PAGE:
Small firms need continued access to EU labour and skills after Brexit, FSB claims

File photo of Theresa May as a report from the Federation of Small Businesses has called for governm

File photo of Theresa May as a report from the Federation of Small Businesses has called for government assurances about continued access to EU labour and skills post-Brexit. Photo: Facundo Arrizabalaga/PA Wire - Credit: PA

Fresh concerns have been raised by small businesses about the movement of labour from the EU after Brexit.

A study by the Federation of Small Businesses showed more than half of small firms (59%) employing EU workers were concerned about accessing skilled staff while 54% were worried about growing their business post-Brexit.

The report, A skilful exit: What small firms want from Brexit, said one in five small companies currently employs EU workers.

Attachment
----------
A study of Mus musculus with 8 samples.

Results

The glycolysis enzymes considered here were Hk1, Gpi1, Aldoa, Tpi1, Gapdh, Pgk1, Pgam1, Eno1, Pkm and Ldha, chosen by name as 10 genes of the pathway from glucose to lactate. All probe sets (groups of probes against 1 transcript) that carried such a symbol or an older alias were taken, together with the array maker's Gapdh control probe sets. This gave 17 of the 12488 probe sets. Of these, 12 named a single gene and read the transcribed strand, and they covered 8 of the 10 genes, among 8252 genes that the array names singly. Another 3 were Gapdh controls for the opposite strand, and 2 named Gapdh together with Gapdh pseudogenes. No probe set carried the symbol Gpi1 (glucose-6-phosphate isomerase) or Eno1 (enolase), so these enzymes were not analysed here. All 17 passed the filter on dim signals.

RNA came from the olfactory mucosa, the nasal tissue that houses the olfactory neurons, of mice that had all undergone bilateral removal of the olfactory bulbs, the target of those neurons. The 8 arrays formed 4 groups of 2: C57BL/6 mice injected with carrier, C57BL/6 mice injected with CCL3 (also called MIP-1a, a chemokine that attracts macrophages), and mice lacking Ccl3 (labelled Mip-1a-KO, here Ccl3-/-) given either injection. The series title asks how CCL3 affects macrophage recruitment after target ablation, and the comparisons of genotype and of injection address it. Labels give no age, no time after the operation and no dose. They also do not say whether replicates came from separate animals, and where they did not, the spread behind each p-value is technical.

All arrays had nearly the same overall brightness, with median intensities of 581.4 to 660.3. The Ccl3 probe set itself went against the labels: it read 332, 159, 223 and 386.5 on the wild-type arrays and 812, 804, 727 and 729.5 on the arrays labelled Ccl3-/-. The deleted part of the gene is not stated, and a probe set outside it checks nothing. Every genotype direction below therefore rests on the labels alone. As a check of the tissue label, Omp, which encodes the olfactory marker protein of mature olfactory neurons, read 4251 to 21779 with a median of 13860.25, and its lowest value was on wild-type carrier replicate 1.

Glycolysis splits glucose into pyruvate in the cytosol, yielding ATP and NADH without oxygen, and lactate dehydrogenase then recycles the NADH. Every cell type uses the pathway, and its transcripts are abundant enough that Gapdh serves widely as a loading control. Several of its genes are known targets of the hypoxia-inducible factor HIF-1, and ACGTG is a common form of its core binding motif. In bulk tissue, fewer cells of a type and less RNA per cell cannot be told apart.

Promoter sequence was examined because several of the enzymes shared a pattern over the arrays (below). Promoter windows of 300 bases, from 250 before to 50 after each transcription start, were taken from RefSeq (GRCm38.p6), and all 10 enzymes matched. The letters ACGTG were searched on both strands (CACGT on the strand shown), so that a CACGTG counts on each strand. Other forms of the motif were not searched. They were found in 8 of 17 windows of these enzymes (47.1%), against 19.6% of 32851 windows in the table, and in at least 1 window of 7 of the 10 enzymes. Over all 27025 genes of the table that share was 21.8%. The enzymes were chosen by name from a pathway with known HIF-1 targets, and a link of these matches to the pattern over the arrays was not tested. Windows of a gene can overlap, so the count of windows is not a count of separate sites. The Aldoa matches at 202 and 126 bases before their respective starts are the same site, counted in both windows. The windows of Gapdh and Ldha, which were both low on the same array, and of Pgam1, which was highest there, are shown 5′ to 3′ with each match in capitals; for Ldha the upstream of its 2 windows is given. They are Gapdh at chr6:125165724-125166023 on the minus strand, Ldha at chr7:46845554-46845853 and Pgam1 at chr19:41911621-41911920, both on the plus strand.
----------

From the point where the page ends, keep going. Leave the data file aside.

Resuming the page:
Almost half (47%) of these employ mid-skilled staff such as mechanics, office managers and construction workers.

Salena Dawson, FSB regional chairman for East Anglia, said: 'EU workers are a vital part of our region's economy, helping to plug chronic skills gaps across a wide range of sectors, and filling jobs in an already tight labour market.

'From packers, to mechanics, to graphic designers, small employers need to be able to hire the right person, for the right job at the right time.'

The FSB said its report highlighted the need for small firms to have continued access to labour and skills from the EU post-Brexit.


Ms Dawson said small firms needed assurances from the government that they will be able to access EU workers after Brexit, and also must be given time to prepare new immigration arrangements.

'There can't be a sudden cliff edge preventing small firms from accessing the workers they need. This means having sensible transitional arrangements first, followed by the phased implementation of a new immigration system,' she said.